Saturday, April 26, 2008

Hillary and Jeanette

Earlier this month, Hillary Clinton was campaigning in Montana and made an ill-informed mention of Jeanette Rankin, who Montana elected as the first woman member of Congress in 1916. Hillary said it just goes to show that men really will vote for a woman, since women didn’t have the vote in 1916. Except that women had in fact won the vote in Montana in a referendum (of male voters, natch) two years before. This is not just a minor gaffe about Montanan history but a gap in Clinton’s knowledge which illuminates a few things about her.

First, Clinton is a female senator, and an aspirant to be the first female president, who evidently in all these years has never been curious enough about the first woman in Congress to learn more than a tiny bit about her. Hillary doesn’t really consider herself part of a feminist history, doesn’t recognize that she stands on the shoulders of those who came before. She thinks she got where she is entirely by her own efforts.

Clinton evidently thinks, wrongly, that women in the US received the vote in one fell swoop with the ratification of the 19th Amendment in 1920. In the same way as she remarked that while the civil rights movement may have organized and agitated, the real victories for African-Americans only came when Lyndon Johnson decided to push for them, so the decades of hard struggle by women to achieve political rights, including state-by-state (and territory by territory) suffrage campaigns like the one that Rankin helped lead to victory in Montana but many more which did not succeed, are completely disregarded and unacknowledged by Hillary, if she even knows about them. She does not understand how much organized, grass-roots effort over many many years it really takes to effect any sort of change in this hide-bound country; the only lesson she really learned from the failure of her health-care plan in the 1990s was that she, Hillary Clinton, did not have enough power. Her comments last week (this week?) denigrating party activists suggest that, like Bush, who remarked that “We had an accountability moment, and that’s called the 2004 elections,” she too has an impoverished view of the day-to-day role of the citizenry in democratic governance. Not that Obama is much better in this regard: when he leads chants of YES WE CAN, he does not mean to empower his supporters to do anything beyond getting him into the White House and then dispersing to their respective homes to quietly await the flow of manna and all things good from his capable hands.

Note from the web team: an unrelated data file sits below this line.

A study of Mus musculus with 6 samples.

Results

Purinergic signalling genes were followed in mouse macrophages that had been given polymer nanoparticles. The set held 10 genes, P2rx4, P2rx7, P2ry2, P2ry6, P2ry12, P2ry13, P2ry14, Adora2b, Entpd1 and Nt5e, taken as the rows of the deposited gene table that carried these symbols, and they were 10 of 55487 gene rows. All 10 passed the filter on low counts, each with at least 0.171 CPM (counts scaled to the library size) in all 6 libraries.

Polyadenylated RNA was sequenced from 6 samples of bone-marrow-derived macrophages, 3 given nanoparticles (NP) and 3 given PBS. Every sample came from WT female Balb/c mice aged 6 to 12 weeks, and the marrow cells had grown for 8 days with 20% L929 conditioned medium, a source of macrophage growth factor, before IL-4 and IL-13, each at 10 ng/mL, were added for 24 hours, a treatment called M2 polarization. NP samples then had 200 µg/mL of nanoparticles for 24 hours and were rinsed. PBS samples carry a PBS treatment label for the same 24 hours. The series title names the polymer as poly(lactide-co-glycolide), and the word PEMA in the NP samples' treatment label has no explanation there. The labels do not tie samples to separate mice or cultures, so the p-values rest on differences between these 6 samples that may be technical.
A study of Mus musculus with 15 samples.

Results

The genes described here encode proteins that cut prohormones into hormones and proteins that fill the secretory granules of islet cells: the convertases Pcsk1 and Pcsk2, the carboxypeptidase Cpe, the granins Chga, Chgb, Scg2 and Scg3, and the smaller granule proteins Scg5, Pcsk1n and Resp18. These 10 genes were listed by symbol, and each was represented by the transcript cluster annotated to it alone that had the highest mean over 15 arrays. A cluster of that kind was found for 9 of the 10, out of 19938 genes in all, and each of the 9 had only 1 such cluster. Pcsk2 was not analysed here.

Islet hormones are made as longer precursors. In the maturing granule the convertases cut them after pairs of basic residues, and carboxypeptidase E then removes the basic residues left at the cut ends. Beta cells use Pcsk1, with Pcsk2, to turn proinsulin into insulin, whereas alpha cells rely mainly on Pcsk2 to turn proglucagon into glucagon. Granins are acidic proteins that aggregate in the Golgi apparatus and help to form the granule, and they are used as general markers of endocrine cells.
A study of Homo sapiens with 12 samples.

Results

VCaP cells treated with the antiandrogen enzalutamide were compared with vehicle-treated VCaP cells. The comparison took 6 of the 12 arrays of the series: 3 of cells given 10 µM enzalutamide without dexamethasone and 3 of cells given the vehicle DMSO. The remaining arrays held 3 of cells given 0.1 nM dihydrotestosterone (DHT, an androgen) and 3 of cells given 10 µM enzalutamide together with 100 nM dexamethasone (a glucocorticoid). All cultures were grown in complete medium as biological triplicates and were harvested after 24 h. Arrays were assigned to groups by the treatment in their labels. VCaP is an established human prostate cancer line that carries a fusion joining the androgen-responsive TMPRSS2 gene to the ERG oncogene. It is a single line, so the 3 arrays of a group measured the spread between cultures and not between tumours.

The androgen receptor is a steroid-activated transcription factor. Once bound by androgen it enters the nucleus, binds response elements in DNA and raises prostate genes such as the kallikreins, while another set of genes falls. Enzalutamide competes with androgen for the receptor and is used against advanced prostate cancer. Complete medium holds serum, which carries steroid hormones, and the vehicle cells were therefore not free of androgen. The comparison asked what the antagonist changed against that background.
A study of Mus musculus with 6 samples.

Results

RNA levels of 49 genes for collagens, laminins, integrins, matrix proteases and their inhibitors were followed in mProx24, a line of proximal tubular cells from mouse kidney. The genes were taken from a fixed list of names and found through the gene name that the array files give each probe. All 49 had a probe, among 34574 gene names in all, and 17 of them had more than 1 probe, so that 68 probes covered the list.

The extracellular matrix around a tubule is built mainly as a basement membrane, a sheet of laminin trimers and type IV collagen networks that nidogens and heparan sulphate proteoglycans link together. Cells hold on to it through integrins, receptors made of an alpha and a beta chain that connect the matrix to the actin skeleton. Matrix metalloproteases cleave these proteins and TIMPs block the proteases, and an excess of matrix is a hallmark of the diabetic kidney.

Considering that Rankin is also known for her principled pacifism, having cast one of the few votes against American entry into World War I – which was also her first vote in Congress, and therefore the first vote cast by a woman in Congress – and the only vote against war with Japan in 1941 (she only served two terms in Congress: she was not re-elected in 1918, though mostly for reasons other than her position on the war, and not elected again until 1940; crappy timing, really), had Hillary known more about her, she might never have brought up her name in the first place.